Toll Road: Thousands showed for meeting

A federal public hearing today on a controversial plan to extend an Orange County toll road through San Onofre State Beach drew more than 1,000 people, but the gathering was orderly, in sharp contrast to the raucous behavior that marred an earlier meeting on the subject.

Opponents of the state Route 241 project testified the six-lane toll road would permanent harm one of the few remaining coastal wilderness areas left in Southern California.

"This land was reserved as a state park in the first place, but 60 percent of it would be impacted by this road,'' said Jayme Timberlake, a 29-year-old resident of Solana Beach.

"They made this a state park to preserve it, not to put a road through it,'' she said. This is a unique and special coastal watershed. It is the last in Southern California that has not been impacted.''

Supporters of the $1.3 billion project say it will relieve congestion in southern Orange County and create jobs.

"There is no disagreement that I-5 is very congested and it will only get worse as time goes by,'' Thomas Margro, chief executive officer of the Foothill/Eastern Transportation Corridor Agencies, the entity seeking to build the toll road, said during the hearing. "That is why the 241 is essential to our transportation needs.''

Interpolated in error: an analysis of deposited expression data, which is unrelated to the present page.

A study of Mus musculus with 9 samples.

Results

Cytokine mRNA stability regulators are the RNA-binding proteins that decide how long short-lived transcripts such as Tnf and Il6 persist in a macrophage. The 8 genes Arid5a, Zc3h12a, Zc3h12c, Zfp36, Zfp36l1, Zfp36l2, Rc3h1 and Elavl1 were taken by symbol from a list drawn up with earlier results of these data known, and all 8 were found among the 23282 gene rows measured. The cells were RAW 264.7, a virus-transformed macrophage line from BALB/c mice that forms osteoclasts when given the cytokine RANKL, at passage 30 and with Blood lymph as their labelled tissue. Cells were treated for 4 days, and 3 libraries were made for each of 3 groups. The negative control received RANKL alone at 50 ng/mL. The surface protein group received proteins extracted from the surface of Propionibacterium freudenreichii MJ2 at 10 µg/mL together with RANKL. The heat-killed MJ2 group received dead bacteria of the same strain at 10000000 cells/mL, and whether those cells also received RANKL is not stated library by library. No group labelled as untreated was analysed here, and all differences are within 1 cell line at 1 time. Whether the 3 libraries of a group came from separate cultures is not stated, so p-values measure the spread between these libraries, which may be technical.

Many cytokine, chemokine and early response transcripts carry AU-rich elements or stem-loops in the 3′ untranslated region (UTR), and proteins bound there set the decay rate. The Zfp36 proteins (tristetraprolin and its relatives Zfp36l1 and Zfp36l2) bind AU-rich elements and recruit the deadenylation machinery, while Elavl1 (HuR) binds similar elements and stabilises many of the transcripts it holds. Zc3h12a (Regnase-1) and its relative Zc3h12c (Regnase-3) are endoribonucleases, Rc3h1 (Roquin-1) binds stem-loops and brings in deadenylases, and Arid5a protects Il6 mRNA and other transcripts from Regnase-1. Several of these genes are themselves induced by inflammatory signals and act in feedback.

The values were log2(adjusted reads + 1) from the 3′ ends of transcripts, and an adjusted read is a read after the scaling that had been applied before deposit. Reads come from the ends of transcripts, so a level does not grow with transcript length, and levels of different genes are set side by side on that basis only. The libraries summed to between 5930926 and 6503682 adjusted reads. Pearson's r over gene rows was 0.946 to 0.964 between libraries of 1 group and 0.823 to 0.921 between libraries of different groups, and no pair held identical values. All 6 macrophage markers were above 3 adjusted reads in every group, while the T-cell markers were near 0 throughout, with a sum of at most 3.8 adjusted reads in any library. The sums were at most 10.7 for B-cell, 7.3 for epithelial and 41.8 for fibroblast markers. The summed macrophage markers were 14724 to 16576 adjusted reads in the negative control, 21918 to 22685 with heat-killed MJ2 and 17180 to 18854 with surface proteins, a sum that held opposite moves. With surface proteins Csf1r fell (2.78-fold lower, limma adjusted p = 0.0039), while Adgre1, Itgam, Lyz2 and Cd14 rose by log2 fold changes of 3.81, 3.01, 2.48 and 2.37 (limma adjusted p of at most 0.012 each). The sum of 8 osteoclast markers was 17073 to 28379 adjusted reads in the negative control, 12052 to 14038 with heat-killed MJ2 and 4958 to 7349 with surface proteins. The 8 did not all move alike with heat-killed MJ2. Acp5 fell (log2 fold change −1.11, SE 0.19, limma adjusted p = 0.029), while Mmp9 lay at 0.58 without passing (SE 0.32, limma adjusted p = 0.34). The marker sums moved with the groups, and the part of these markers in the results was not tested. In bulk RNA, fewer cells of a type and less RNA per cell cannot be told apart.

The California Coastal Commission in February rejected the extension of the 241 toll road. In response, the TCA appealed the decision to the U.S. Commerce Department, arguing the road is needed to alleviate traffic.

The National Oceanic and Atmospheric Administration, a branch of the Commerce Department, considered the TCA's appeal during today's scheduled 10-hour public hearing, but will not make a determination until later.

"I'd like to emphasize we are gathering information today,'' Jane Luxton, the NOAA's general counsel, said at the start of the hearing. "No decisions will be made regarding the appeal.''

If the Bush Administration determines the project meets the environmental regulations outlined in the Coastal Zone Management Act or that the road is necessary for national security reasons, it could override the Coastal Commission's rejection.

Before the meeting got under way at O'Brien Hall at the Del Mar Fairgrounds, dozens of police offers were on hand to discourage the raucous behavior that marked the Coastal Commission's hearing.

"There are strong opinions on both sides,'' Luxton said at the start of the hearing. "We want to hear your remarks. Please do not interrupt or shout in response to individual speakers.''

Last February's Coastal Commission meeting was described by some participants as a circus, with unruly demonstrations, catcalls and shouting matches breaking out among the 3,500 participants.

Today's hearing was much more subdued.

The crowd was largely broken up into three groups - union members, environmentalists and surfers.

Supporters wore orange T-shirts that read "California 241 - Less traffic more jobs.''

Those against the toll road donned green or black T-shirts that read "Save the park - stop the toll road,'' or "Save Trestles.''

Surfers, led by the Surfrider Foundation, assert that the freeway would cause irreparable harm to San Onofre's surfing beaches.